It’s somehow fitting.
The sweeping square is shrouded in silence, but for the dime-size drops of rain slapping the neatly laid cobbled stones under my feet. The typically bustling quad is empty too, except for the line of bicycles strung along the façade of the Alte Bibliothek (Old Library) and three tourists hunched under wide-domed umbrellas staring at the ground.
I’m watching the young men from the west side of the Berlin Opera House, waiting for them to move on so that I might have a second of solitude on my own to pay my respects to a moment in history that must never be forgotten so that it might never happen again.
One evening in spring, just three-quarters of a century ago, it was raining, too…except on that night in May, Bebelplatz was called Platz am Opernhaus and throngs of people gathered around a bon-fire on this very spot. Music blared from live bands while towering flames licked the night sky, fuelled by gasoline and more than 25,ooo “un-german” books – works authored by Albert Einstein, Sigmund Freud, Franz Kafka, Thomas Mann, Erich Maria Remarque, Rosa Luxemburg, August Bebel, Victor Hugo, Jack London, Ernest Hemingway, and many more. Children’s book author Erich Kästner, recipient of the Hans Christian Andersen Award in 1960, witnessed the nightmare until he was recognized by someone in the frenzied crowd.
A dear friend, Daniel Cohen, docent at the United States Holocaust Memorial Museum reminds us that “It was often university students and their teachers who were burning books under Goebbels directions. Of course the university teachers had their jobs on the line if they did not participate and the students their stipends from the government. Complicated stuff for sure.”
On this wet day in May 2018, I don’t have to wait long for the young men to move on. Driven by raindrops now the size of pennies, I pull my hood closer and cross the square remembering the first time I’d been introduced to the infamous site. It was during the seven years we’d lived in Berlin after the wall came down. The underground memorial designed by artist Micha Ullmann was the first stop on my eleven-year-old’s class trip. It still calls to me whenever I visit Germany’s capital city.
Under a thick glass plate, a library is set into the ground. It’s shelves – empty.
A bronze plaque embedded in the cobbles commemorates the event.
The righthand inscription states: “In the center of this square, on May 10, 1933, national-socialist students burned the works of hundreds of independent authors, journalists, philosophers, and academics.”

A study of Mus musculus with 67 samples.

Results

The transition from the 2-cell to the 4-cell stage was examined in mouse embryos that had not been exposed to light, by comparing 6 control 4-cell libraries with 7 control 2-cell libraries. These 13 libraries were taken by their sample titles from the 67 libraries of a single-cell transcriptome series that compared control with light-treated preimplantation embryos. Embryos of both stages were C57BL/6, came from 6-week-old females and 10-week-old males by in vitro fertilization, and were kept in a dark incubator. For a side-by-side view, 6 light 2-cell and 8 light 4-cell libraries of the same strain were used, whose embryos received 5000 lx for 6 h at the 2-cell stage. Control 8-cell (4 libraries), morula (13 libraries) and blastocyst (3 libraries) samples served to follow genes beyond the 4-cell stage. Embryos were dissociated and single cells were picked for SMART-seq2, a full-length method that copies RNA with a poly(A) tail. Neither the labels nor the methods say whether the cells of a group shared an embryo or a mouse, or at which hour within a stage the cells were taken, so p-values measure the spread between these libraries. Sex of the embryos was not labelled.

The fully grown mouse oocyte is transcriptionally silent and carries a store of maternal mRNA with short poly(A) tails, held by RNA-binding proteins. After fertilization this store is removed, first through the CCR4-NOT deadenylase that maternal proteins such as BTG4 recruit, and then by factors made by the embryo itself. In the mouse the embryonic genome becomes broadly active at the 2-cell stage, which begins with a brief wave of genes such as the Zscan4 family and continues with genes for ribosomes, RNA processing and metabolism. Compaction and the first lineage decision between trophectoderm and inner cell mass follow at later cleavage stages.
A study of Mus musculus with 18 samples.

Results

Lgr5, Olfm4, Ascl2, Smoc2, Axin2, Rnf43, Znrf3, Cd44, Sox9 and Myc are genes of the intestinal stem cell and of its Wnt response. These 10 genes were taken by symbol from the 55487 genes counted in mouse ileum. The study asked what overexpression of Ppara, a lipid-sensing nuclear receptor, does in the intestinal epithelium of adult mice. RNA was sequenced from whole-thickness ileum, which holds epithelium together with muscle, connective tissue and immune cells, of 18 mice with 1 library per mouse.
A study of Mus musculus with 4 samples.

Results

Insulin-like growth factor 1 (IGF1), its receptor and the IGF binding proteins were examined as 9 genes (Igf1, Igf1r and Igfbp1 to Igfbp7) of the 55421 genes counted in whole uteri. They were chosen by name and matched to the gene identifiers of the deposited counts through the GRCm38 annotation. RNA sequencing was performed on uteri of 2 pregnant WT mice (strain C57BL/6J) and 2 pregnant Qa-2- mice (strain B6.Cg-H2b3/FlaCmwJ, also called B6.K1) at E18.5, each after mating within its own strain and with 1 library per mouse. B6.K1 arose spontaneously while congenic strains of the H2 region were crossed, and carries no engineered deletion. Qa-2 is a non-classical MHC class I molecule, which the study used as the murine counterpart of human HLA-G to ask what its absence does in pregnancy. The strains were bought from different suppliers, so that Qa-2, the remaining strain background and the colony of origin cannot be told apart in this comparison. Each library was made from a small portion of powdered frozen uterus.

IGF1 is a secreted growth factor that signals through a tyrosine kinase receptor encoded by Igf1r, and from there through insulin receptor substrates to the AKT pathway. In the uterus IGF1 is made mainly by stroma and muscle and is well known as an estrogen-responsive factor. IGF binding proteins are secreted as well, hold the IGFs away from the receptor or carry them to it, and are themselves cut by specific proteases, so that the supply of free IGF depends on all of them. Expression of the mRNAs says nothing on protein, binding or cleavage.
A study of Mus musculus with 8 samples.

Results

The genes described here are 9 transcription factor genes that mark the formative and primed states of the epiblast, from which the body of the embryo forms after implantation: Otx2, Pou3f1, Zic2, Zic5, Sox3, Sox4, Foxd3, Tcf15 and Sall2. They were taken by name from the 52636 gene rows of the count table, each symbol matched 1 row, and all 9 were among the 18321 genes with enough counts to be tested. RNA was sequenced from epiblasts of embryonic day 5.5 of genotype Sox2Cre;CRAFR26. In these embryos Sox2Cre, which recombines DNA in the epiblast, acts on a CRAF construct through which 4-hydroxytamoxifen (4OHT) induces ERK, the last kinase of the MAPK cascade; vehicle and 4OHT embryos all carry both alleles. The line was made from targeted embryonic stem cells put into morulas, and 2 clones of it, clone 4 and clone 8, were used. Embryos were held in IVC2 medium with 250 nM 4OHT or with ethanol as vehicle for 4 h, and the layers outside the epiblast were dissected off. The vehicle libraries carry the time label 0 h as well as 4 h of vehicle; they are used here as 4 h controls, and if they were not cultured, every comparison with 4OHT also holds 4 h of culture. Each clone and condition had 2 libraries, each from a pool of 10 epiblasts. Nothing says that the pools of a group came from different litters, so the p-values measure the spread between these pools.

The prophetic message on the left quotes a line from German poet Heinrich Heine’s 1821 play “Almansor”: “That was but a prelude; where they burn books, they will ultimately burn people as well.”
Besides the obvious, the memorial always reminds me of the USA’s Banned Books Week… the week in September dedicated to celebrating the freedom to read and learn from all books without censorship. It’s about choice and respecting one another’s right to choose what s/he wants to read. This year it runs from the 23rd until the 29th. FYI the 2017 top 10 most challenged books and the reasoning behind them can be found HERE. And if you are interested in classic children’s books, HERE. But I digress…
Before long, the pelting rain turns to a light drizzle and eventually tapers off to a fine mist. As I struggle to stare through the gun-metal grey clouds’ reflection sliding across the glass plate at my feet, I think of my favorite books that have been listed as banned and removed from libraries, schools, and even universities in some places in the United States. In another time and place, would they too have been turned to ash?
The clouds continue to thin. A warm, light breeze dries the pavement in time for a deluge of tourists to storm the square and huddle around the sight…my cue to move on.
But as I exit the square, cross to the center median of Unter den Linden, and stop to admire the craftsmanship of Frederick the Great astride his great bronze steed, I can’t help but notice how the King of Prussia’s head is facing away from Bebelplatz prompting the question, “How many of us turn our heads from things we don’t want to acknowledge?”
Just an observation.
Now I think I’ll grab my copy of Maurice Sendak’s “Where The Wild Things Are” and see if the kerfuffle over banning it “for portraying child abuse as well as its dark theme and mystic aspects” holds any weight.
❤ Thank you for stopping by today ❤
The human race contains many people with small minds. Always has. Always will. It’s scary. The Heine quote is correct.
Take care —
It is a head-scratcher for sure and you are so welcome, Ellen. Write on!